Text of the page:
A Chinese wallpaper illustrating tea production

Detail from the Chinese wallpaper on silk in the Chinese Bedroom at Saltram, showing two men watering tea plants. ©National Trust Images/Andreas von Einsiedel

Detail from the Chinese wallpaper on silk in the Chinese Bedroom at Saltram, showing two men watering tea shrubs. ©National Trust Images/Andreas von Einsiedel

I am writing a book about Chinese wallpapers in the British Isles – a follow-up, slightly more ambitious in scope, of the small catalogue of the Chinese wallpapers in the care of the National Trust that was published in 2014.

Detail of the Chinese wallpaper on silk in the Chinese Bedroom at Saltram, showing labourers treading the leaves in large baskets. ©National Trust Images/Andreas von Einsiedel

Detail of the wallpaper in the Chinese Bedroom at Saltram, showing labourers treading the tea leaves in large baskets. ©National Trust Images/Andreas von Einsiedel

In the process of writing I came upon these detailed images of the Chinese wallpaper on silk at Saltram. This is a panoramic landscape wallpaper which shows the growing and treating of tea.

Detail of the wallpaper on silk in the Chinese Bedroom at Saltram, showing what appears to be a tea quality inspector at work, with clerks in the foreground. ©National Trust Images/Andreas von Einsiedel

Detail of the wallpaper in the Chinese Bedroom at Saltram, showing what appears to be a tea quality inspector at work, with clerks in the foreground. ©National Trust Images/Andreas von Einsiedel

Quite a few eighteenth-century Chinese wallpapers and paintings show scenes of agriculture or manufacturing, including the production of rice, tea, silk, and porcelain. The images tended to be based on illustrated treatises, such as the famous Yuzhi Gengzhitu, or ‘Treatise on Tilling and Weaving.’

Detail from the wallpaper on silk in the Chinese Bedroom at Saltram, showing carpenters making tea chests. ©National Trust Images/Andreas von Einsiedel

Detail from the wallpaper in the Chinese Bedroom at Saltram, showing carpenters making tea chests. ©National Trust Images/Andreas von Einsiedel

For the Chinese these images confirmed the productive and orderly structure of their society, in which everyone was supposed to work together and know their place. This is expressed through the different types seen in this wallpaper, including labourers and craftsmen with the tools of their trade, clerks with lists at the ready and mandarins in their official robes and hats. For westerners these wallpapers provided a picturesque glimpse of how desirable products like porcelain, silk and tea were actually produced.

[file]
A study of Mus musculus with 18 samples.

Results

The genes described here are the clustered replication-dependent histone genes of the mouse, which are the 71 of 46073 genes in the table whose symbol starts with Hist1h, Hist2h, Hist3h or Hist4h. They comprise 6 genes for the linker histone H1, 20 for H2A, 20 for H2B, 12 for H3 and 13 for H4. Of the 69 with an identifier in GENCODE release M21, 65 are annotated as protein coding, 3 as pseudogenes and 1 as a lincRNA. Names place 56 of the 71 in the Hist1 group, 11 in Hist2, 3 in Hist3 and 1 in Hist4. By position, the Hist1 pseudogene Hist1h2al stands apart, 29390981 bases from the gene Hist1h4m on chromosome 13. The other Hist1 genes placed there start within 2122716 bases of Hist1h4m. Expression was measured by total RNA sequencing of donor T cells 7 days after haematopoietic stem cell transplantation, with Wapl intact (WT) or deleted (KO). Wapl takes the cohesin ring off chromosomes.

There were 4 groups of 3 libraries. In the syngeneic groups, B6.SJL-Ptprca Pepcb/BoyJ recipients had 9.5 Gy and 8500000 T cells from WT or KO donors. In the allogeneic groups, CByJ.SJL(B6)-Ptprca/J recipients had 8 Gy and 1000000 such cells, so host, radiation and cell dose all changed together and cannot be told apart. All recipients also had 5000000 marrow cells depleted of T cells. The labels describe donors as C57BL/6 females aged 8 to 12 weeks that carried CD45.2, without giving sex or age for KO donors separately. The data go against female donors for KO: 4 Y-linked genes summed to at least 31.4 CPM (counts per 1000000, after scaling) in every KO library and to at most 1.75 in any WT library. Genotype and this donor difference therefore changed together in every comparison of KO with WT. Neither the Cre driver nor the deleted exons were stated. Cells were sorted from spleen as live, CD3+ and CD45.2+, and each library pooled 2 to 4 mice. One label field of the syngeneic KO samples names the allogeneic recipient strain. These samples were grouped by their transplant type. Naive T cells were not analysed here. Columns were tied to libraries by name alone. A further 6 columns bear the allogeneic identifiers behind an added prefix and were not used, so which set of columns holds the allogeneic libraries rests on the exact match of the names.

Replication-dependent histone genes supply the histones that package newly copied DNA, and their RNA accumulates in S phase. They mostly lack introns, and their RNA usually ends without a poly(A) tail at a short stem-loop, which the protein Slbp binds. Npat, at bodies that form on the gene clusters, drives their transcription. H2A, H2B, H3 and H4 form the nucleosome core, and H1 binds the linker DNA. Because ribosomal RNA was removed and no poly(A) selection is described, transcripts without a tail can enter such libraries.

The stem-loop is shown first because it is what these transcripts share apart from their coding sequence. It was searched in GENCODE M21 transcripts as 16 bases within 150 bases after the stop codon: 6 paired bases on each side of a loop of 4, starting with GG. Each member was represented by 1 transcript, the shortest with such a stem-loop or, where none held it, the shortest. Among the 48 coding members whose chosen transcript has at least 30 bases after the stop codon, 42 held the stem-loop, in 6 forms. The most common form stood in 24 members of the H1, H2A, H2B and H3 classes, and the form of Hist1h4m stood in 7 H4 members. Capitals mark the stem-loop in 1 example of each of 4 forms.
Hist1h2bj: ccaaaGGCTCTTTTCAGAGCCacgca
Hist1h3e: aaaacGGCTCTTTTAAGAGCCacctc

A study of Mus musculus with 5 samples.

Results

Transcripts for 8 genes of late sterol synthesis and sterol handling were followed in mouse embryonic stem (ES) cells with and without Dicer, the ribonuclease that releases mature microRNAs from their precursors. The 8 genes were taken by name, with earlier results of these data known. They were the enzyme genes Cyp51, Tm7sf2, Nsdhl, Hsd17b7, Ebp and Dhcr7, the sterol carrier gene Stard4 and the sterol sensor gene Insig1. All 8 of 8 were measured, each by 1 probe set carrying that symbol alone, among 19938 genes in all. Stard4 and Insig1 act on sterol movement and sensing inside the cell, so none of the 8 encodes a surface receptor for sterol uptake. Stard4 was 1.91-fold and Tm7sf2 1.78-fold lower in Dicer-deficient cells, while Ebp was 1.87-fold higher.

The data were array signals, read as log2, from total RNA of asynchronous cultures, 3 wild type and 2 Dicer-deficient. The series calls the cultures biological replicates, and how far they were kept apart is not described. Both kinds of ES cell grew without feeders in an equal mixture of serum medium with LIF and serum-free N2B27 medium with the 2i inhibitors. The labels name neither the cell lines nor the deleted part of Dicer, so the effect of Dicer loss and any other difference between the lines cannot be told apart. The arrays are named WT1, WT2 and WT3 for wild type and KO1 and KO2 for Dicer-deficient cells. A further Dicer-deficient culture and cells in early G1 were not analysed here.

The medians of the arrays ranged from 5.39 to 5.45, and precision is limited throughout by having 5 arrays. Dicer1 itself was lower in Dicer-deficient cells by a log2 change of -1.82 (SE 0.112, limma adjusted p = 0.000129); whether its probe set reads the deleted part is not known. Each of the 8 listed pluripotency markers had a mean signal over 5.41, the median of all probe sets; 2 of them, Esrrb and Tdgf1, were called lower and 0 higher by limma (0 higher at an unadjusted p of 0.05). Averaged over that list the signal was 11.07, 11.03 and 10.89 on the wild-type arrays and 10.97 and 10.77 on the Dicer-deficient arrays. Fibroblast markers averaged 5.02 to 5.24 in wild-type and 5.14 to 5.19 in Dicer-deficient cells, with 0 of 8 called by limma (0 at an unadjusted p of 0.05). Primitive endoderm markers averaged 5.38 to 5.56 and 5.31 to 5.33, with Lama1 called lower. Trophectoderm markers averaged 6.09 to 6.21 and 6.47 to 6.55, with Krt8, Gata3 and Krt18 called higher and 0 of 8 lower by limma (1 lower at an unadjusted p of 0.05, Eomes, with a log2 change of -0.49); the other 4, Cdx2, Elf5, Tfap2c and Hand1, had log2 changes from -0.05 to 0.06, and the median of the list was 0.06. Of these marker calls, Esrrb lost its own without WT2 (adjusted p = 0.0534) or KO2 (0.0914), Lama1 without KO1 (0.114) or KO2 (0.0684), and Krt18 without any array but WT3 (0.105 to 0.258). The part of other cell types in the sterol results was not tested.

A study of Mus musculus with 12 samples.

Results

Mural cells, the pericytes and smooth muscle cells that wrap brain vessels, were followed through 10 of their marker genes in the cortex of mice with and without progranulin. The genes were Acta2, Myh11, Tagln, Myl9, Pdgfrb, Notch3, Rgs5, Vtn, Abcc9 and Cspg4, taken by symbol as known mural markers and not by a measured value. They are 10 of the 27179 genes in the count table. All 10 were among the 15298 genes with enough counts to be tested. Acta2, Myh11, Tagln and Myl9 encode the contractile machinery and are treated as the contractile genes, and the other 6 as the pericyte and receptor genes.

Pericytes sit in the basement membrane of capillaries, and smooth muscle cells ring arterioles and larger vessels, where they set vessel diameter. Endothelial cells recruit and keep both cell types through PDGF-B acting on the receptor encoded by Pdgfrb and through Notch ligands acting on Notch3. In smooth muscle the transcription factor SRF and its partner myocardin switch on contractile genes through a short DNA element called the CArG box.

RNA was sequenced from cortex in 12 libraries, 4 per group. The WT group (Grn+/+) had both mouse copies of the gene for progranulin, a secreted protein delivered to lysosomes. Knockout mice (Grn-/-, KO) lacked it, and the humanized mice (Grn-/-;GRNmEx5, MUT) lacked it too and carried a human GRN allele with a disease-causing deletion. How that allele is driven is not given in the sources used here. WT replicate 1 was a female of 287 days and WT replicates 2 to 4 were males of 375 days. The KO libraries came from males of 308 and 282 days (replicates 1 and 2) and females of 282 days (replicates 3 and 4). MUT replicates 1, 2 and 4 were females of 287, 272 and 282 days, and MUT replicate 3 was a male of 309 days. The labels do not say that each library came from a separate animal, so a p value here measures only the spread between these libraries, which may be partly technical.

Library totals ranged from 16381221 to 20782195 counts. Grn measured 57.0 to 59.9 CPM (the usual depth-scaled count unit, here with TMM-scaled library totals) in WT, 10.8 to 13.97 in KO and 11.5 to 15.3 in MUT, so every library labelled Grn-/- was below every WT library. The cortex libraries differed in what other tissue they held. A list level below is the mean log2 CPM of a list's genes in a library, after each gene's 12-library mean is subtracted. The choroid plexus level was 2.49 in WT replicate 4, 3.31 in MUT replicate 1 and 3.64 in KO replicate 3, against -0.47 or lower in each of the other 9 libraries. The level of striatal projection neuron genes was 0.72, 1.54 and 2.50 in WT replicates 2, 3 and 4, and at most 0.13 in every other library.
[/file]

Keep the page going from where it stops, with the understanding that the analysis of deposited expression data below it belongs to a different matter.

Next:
6 Responses to “A Chinese wallpaper illustrating tea production”

  1. meredithbdesign Says:

    I am so excited that you are doing this! can’t wait to see the finished tome…kudos to you for the work!

  2. Emile de Bruijn Says:

    Thank you – I hope it will appeal to designers as well as art historians. We’re planning photo shoots at the moment, a lot of work, but exciting.

  3. Helene Gammack Says:

    I’ll look forward to the book. Interestingly I came across a reference to Chinese painted panels in an old house in the small Cotswold town of Wotton-under-Edge. They have long since been removed and are now in the V & A displayed alongside the Chinese Badminton bed. I think I saw old photos of them in situ at EH. The house is called Berkeley House, in the high street. You wouldn’t give it a second glance.

  4. Emile de Bruijn Says:

    Indeed, Helene, the Wotton-under-Edge wallpaper is really interesting. When it was first acquired by the V&A in the 1920s it was thought to be Chinese, but then turned out to be English. I hope to illustrate this wallpaper in my book in the chapter about how the British taste for Chinese (and imitation-Chinese) things seem to have influenced the development of Chinese wallpaper. Europeans began using Chinese paintings and prints as ‘collage’ wallpaper from the late seventeenth century. At the same time wallpaper was being developed in Europe as a new type of wallcovering, some of it in the fashionable ‘Chinese’ style. Those factors appear to have given some Chinese workshops the idea begin to produce pictorial wallpapers for the European market – a new product, as they tended to use monochrome or patterned wallpapers in their own interiors. Early modern globalism in action!

  5. columnist Says:

    I’ve never seen wallpaper depicting these sorts of scenes, and they are quite fascinating. Your book project sounds very interesting, and I look forward to reading it, once it is completed. Good luck with all the hard work that will require its production!

  6. Emile de Bruijn Says:

    Thank you, I will need it. I know of one other historic Chinese wallpaper with the same scenes, which is at Schloss Dyck in Nordrhein-Westfalen in Germany, and was previously at Schloss Halbturn, a Habsburg seat in Burgenland in Austria.